5 things I want to share from a non-incident

It was a night before Christmas, and it would have been spectacularly normal except for the feeling that was still with me the next morning. I had needed to run to the pharmacy, and while the sun was down it was only six thirty. The family were all doing different things, so I ran off by myself to return shortly.

I didn't get what I had hoped for, but such is the case on many store runs. You dribble and you shoot. As I walked out towards my car another car stopped to let me pass. As he pulled up a little past me his window was down and he said something which I could not hear. Taking one step closer to the vehicle, but far enough away so that I couldn't touch it, I asked him to repeat himself.

stay safe

"We were wondering if you could help us," the older gentleman said. He was the only one in the front of the SUV and the rest of the windows were dark as night so I couldn't see anyone else or anything for that matter. My heart skipped a beat and a feeling washed over me I had never felt before. I turned my key chain out so it was sitting in my hand correctly and he could see it. This was not an offensive move, for I'm not sure he noticed. He went on about needing help, but never really said anything specific, so I asked with hesitation, "How do you need help, sir?" 

They were going home, he was a vet if I would like to step closer to see the card in his hand, and they needed food, and some money. Later I wondered, if this was true did he feel like the holy family on their way to Bethlehem. No one to help, no where to go. But the feeling that pressed on my heart and soul then was not one of looking for a way to help this man.

You need to know, I'm someone who helps when they can. I tend to be a giver. So this feeling, this pressing, was not normal for me. It wasn't panic, but a clear sense of warning; pressing right in the middle of who I am. I stepped back slightly keeping away from the back door, my "weapon" at the ready, keeping everything in mind which my taekwondo/self-defense instructor had told me (or trying to), "I'm sorry sir, I don't have any money on me."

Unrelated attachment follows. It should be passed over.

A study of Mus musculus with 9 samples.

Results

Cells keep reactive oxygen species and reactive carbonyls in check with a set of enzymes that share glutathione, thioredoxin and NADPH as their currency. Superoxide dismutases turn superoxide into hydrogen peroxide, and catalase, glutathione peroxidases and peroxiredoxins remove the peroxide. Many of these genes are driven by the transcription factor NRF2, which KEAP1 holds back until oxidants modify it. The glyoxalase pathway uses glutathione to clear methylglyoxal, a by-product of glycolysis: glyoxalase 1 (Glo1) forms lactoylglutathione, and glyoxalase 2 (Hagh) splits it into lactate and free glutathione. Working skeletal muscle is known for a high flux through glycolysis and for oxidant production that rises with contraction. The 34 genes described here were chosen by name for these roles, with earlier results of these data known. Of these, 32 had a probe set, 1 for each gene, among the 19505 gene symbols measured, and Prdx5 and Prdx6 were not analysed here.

Right to defend yourself

He mumbled something I couldn't hear, and it may have been an apology for bothering me, I don't know. But my heart was beating, and I only knew one word as it reverberated in my head, "Go." I stepped back to get in my car as he slowly drove off into the darkness, left the parking lot, and turned back into the street. I sat in my car wondering why he didn't go in and ask for help. Why didn't he ask anyone else in the area?

As I drove home that night I felt as if I were in an alternate world. I felt as if my life had just been saved, and as tears ran down my face, my goal was to get home as quickly as possible. I kept trying to remind myself that nothing had happened except that I spoke to an older man. Safe at home within the warm glow of my family I sat next to Captain. Holding his hand I whispered my story.

I made quite a few mistakes. I didn't pay attention to where I was parking when I got there, and I forgot to pay attention to what was behind me when I was speaking to him. I know I have much more to learn and I am now on a quest to learn as much as I can.

And this is where I need you to listen::
(1) Help those you can, when you can. Be okay not helping all the time.
(2) Always stay alert to your surroundings.
(3) Listen to yourself. Listen to the warnings even if they don't make sense.
(4) Know how to defend yourself. Give yourself a chance.
(5) Be grateful for each day you receive.
It was an ordinary night where nothing extraordinary happened. Yet I walked away with a renewed gratitude for my life, listening a little more to my soul, and a new goal on the horizon.


  1. I'm thankful for your deliverance Stacy. I have a "creep meter" that goes off often a weird times but I have learned to respect it. My pastor knows my history and if I tell him I can't work with someone, I don't have to explain or defend myself. Like your experience, my creep meter doesn't necessarily mean for sure that something is wrong. But it demands caution like you showed.

    1. Thanks. I have SO MUCH to learn, and I think sometimes a little information can make you dangerous to yourself, but I am determined to learn as much as I can and share it with others. Mostly though, i am determined not to ignore those feelings anymore.

  2. i think you totally did the right thing. i really do believe that within us, faster than we can consciously register, our brains can detect a zillion subtle things and then in an instant send a message. good for you for listening to your inner voice. glad you are safe my friend. xoxo

    1. Thanks Kelly. I think you are right. I wish we wouldn't so easily dismiss those feelings.

  3. This is how I carry my keys when I walk out at night through a parking lot. One of the best things I ever learned in college. You really do need to just trust your gut sometimes.

    1. Oh, all the times! I will cover this in the series, but our instinct is one of our biggest weapons in avoiding a situation!